Hopeful ‘Irish Ambassador’ to Mars hasn't told his son yet
Hopeful 'Marstronaut' speaks exclusively to Independent.ie
Published 09/01/2014 | 09:01
"Ireland is my country. I want to be an Irish ambassador on Mars"
Steve Menaa is a 45 year-old IT engineer, living in Cork. He is also one of three applicants from Ireland to make it to round two of the Mars One project, which means a one-way ticket to Mars.
Menaa, originally from France, wants to represent Ireland in space. “Ireland is my country. I feel more Irish than French. I want to be an ambassador for Ireland.”
Mars One will establish a settlement of four people on Mars, with four more joining the colony every two years. The journey to Mars takes "seven months” every two years when Mars and Earth are at their closest distance.
For the first round application, Menaa filled out an application form so detailed, it took him twelve hours. The two public Ireland candidates were then interviewed on video about their motivations for application by Filmbase Ireland as part of a seven-week documentary course. The video can be viewed above and was directed by Nathan Guimond.
When a journalist let slip via email that he had made it to round two, Menaa was “really delighted” to find that two others from Ireland, (applying privately) had also made the cut. “I was thinking why only me?”
Menaa is motivated by a deep interest in space and exploration. “I would like to go because the last big leap of mankind was landing on the moon... mankind will be inspired. If the trip is successful, it might inspire space agencies to make ships to come back.”
The idea of a one-way ticket to Mars might scare some, but not the hopeful astronaut. “A one-way trip makes perfect sense- we have to prepare the planet. “
“In every stage, it’s risky. Am I scared? Yes and no. To be scared and excited is quite close. I am nervous – but I could be hit by a car tomorrow.”
Menaa will leave behind his 14 year-old son, who he hasn’t yet told about the Mars One project. “I will miss my son... communication won’t be possible. That is the worst challenge to overcome.”
“He’s living in France with his mother. He’s coming in two weeks and I’ll tell him then. He will be very proud – we’re very close.”
Menaa expects a one-on-one interview and a simulation of life on Mars to be a part of the application process for the next stage. “It’s already a big achievement but I’ll never give up. I’ll do my best.”
The IT engineer was originally the only ‘public’ applicant from Ireland, but all applicants accepted to round two have now been instructed to take their profiles public following a physician medical assessment. More round two selection information will be released in April 2014.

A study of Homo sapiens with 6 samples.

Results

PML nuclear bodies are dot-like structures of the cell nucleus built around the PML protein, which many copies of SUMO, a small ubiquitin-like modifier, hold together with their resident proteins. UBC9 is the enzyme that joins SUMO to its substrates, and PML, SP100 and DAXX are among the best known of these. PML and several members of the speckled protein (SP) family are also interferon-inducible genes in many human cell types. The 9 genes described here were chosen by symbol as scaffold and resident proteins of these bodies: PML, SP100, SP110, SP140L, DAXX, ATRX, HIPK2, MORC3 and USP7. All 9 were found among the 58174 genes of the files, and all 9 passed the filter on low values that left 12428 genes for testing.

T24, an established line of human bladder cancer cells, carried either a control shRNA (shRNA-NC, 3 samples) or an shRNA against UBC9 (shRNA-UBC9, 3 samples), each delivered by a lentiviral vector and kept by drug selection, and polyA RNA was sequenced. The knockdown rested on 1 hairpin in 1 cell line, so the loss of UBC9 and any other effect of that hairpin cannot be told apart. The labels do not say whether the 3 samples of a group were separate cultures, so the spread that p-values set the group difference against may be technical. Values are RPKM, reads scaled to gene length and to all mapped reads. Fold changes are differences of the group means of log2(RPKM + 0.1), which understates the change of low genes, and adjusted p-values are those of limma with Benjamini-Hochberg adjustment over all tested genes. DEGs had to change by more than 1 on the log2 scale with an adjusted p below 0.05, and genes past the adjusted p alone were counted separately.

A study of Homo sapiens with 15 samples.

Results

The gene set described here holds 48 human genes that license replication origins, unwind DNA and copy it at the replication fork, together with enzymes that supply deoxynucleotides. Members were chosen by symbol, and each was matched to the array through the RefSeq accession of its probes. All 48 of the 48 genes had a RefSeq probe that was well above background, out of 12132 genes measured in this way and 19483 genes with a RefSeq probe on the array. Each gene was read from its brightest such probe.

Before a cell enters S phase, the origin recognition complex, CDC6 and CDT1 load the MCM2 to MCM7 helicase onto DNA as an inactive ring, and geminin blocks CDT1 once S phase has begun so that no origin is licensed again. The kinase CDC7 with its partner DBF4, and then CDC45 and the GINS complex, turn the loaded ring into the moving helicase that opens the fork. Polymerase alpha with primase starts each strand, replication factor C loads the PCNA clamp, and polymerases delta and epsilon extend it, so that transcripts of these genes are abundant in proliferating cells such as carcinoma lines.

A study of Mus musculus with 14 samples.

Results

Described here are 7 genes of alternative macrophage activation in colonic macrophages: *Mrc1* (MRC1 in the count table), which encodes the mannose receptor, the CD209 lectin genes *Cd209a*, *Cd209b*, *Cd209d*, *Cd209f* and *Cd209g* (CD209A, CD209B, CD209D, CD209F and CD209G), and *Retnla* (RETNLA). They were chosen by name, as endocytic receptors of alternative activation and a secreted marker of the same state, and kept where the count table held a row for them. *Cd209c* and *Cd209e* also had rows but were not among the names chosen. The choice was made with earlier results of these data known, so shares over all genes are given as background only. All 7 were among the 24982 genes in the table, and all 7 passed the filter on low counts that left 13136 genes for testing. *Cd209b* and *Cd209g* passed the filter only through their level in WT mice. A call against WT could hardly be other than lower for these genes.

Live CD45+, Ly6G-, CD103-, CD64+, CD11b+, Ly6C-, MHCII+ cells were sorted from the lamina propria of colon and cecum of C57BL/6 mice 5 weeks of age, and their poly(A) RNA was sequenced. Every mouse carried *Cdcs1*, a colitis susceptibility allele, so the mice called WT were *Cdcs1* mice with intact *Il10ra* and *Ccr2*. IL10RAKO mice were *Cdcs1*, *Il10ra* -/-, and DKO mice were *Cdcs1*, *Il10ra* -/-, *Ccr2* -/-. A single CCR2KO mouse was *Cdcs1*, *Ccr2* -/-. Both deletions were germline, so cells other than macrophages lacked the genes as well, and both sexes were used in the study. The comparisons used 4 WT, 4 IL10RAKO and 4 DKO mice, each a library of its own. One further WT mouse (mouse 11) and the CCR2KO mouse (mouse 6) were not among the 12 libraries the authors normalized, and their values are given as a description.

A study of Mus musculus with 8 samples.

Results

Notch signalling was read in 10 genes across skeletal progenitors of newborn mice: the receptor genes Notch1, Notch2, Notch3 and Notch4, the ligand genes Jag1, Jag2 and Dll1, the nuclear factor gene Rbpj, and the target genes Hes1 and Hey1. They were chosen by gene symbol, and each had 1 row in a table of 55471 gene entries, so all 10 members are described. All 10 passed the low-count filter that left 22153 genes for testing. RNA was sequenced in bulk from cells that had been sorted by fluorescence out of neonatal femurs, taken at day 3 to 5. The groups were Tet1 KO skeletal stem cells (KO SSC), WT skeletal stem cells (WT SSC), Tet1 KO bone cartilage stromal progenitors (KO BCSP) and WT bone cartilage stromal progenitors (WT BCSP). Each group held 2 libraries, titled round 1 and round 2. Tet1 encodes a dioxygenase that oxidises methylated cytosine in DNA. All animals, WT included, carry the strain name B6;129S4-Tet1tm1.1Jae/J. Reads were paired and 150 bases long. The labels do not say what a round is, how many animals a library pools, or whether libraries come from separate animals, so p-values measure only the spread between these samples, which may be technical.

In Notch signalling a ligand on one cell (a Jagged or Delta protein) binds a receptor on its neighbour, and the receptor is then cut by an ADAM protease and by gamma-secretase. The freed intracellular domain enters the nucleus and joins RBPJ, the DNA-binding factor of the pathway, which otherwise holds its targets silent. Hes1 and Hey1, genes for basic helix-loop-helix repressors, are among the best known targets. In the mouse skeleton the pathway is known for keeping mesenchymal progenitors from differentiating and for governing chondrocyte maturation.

Another Irish applicant Joseph Roche, an astrophysicist, went public with his profile following the instructions from Mars One. He is appearing on Morning Ireland this morning.
Mars One’s vision is that at some point in the future, the colony will be large and equipped enough to self- sustain. Sending the initial four chosen astronauts to Mars is expected to cost US $6bn. The chosen crew will be trained for "many years" before making the expedition and will be provided with "proven technology available from the best aerospace companies".
Mars One is currently not considering the idea of a return mission. "The technology for a return mission does not exist. Even if a return mission were available, it would be uneconomical, dangerous and unnecessary. There are true pioneers among us today who have the sense of purpose to lead the way in expanding human presence in the galaxy".
Mars was chosen because it is the second "most habitable planet in our solar system", after Earth. The astronauts will spend their time "exploring the Martian surface, doing experiments, construction work and farming".
Following a series of qualification rounds to weed out any person "unfit" for the mission, the final decision from the qualified candidates will be made by the general public. "The selected crew will be heroes for generations to come as envoys of all humanity. For this reason, Mars One feels the need to share the decision of selecting the individuals with everyone".
Bas Lansdorp, the CEO and co-founder of Mars One, was inspired to start the project by "Looking at images of the Mars surface by the Sojourner rover in 1997 as a young student". He sold part of his shares in his previous company to finance the startup of Mars One, which he has been working on full-time since March 2011.
Applicants are helping to raise funds for the project by tweeting fundraising links and attempting to raise awareness of the project. You can follow the conversation on Twitter with #Marstronaut.
We will be speaking to more of the Mars One candidates as the process continues, and we want your questions. Tweet your questions to @Independent_ie with the hashtag #IndoMars.